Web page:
Risk factors for open-angle glaucoma. The Barbados Eye Study.Arch Ophthalmol 1995; 113(7):918-24AO
To evaluate risk factors for open-angle glaucoma among black participants in the Barbados Eye Study.
Population-based study of demographic, medical, ocular, familial, and other factors possibly related to open-angle glaucoma.
SETTING AND PARTICIPANTS
The Barbados Eye Study included 4709 Barbados residents identified by a simple random sample of Barbadian-born citizens, 40 to 84 years of age; participation was 84%. This report is based on the 4314 black participants examined at the study site; 302 (7%) met the Barbados Eye Study criteria for open-angle glaucoma.
A standardized protocol included applanation tonometry, Humphrey perimetry, fundus photography, blood pressure, anthropometry, and an interview. An ophthalmologic examination was performed for participants who met specific criteria.
MAIN OUTCOME MEASURES
Open-angle glaucoma was defined by the presence of both characteristic visual field defects and optic disc damage. Association of open-angle glaucoma with specific factors was evaluated in logistic regression analyses.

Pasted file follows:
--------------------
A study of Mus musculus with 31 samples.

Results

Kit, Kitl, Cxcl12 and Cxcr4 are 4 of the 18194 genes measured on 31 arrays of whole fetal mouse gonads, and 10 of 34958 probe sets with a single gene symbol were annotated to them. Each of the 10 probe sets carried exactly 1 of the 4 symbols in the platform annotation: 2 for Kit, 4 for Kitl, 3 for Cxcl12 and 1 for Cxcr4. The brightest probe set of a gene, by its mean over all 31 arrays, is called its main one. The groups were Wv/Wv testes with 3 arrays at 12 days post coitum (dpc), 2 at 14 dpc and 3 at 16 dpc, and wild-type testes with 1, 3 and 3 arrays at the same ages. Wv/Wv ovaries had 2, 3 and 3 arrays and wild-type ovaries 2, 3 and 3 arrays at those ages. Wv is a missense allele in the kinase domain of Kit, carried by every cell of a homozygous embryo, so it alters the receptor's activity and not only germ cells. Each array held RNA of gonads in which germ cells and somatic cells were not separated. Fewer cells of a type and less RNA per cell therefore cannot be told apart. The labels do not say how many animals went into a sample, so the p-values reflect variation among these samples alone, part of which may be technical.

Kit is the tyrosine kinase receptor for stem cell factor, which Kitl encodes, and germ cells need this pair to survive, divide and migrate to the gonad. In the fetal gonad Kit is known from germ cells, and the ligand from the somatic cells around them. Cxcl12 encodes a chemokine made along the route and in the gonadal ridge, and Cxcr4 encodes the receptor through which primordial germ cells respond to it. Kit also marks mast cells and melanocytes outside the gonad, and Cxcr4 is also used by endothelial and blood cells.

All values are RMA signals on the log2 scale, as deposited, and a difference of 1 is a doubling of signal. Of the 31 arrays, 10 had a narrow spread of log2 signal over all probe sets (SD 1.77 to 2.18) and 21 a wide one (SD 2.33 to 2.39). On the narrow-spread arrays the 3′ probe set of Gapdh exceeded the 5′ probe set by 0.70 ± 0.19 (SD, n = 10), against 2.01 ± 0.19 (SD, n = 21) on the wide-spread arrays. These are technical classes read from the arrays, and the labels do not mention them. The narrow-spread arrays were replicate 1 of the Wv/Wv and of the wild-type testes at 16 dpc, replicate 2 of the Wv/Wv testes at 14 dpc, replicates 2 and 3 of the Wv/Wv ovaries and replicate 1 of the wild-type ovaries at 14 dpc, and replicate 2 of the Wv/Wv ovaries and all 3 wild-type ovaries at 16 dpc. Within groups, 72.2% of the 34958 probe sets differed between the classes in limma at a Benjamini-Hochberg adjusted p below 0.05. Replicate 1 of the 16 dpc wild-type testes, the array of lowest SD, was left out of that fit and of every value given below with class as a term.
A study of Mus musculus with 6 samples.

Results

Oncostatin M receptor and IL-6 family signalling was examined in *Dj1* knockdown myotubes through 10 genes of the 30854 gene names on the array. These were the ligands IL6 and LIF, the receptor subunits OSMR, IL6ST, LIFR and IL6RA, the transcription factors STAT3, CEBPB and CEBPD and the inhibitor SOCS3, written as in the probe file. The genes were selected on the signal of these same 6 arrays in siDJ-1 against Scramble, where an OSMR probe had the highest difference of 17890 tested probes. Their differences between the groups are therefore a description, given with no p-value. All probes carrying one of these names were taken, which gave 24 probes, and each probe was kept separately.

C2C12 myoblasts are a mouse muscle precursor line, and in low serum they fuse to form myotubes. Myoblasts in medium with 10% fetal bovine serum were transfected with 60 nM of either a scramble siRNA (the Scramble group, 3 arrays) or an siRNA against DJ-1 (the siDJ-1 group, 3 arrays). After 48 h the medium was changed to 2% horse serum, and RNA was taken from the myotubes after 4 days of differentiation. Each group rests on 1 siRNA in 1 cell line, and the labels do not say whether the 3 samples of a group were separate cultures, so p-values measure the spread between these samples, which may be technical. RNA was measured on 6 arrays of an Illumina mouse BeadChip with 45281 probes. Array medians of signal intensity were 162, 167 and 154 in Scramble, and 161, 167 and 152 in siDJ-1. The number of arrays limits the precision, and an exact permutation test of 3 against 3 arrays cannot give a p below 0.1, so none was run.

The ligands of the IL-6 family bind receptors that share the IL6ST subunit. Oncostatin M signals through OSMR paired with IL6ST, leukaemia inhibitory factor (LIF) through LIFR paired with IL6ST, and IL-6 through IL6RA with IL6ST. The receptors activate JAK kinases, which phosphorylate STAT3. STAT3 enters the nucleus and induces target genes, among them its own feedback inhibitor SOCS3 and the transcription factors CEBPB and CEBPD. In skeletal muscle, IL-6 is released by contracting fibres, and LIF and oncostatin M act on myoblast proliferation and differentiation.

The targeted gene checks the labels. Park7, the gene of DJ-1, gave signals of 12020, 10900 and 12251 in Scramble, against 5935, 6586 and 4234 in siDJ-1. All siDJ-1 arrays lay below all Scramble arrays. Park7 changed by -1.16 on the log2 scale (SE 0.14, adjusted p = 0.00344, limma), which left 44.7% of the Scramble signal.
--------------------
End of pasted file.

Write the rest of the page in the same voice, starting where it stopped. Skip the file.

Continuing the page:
Age, male gender, high intraocular pressure, and family history of open-angle glaucoma were major risk factors; the latter association was stronger in men than women. Lean body mass and cataract history were the only other factors related to open-angle glaucoma. Although hypertension and diabetes were common in Barbados Eye Study participants, they were unrelated to the prevalence of open-angle glaucoma. However, associations were found with low diastolic blood pressure-intraocular pressure differences and low systolic and diastolic blood pressure/intraocular pressure ratios.
In the Barbados Eye Study black population, persons most likely to have open-angle glaucoma were older men and had a family history of open-angle glaucoma, high intraocular pressure, lean body mass, and cataract history. These results suggest the importance of possible genetic or familial factors in open-angle glaucoma. The role of vascular risk factors is consistent with our finding of low blood pressure to intraocular pressure relationships, but the results could be explained by the high intraocular pressure in open-angle glaucoma.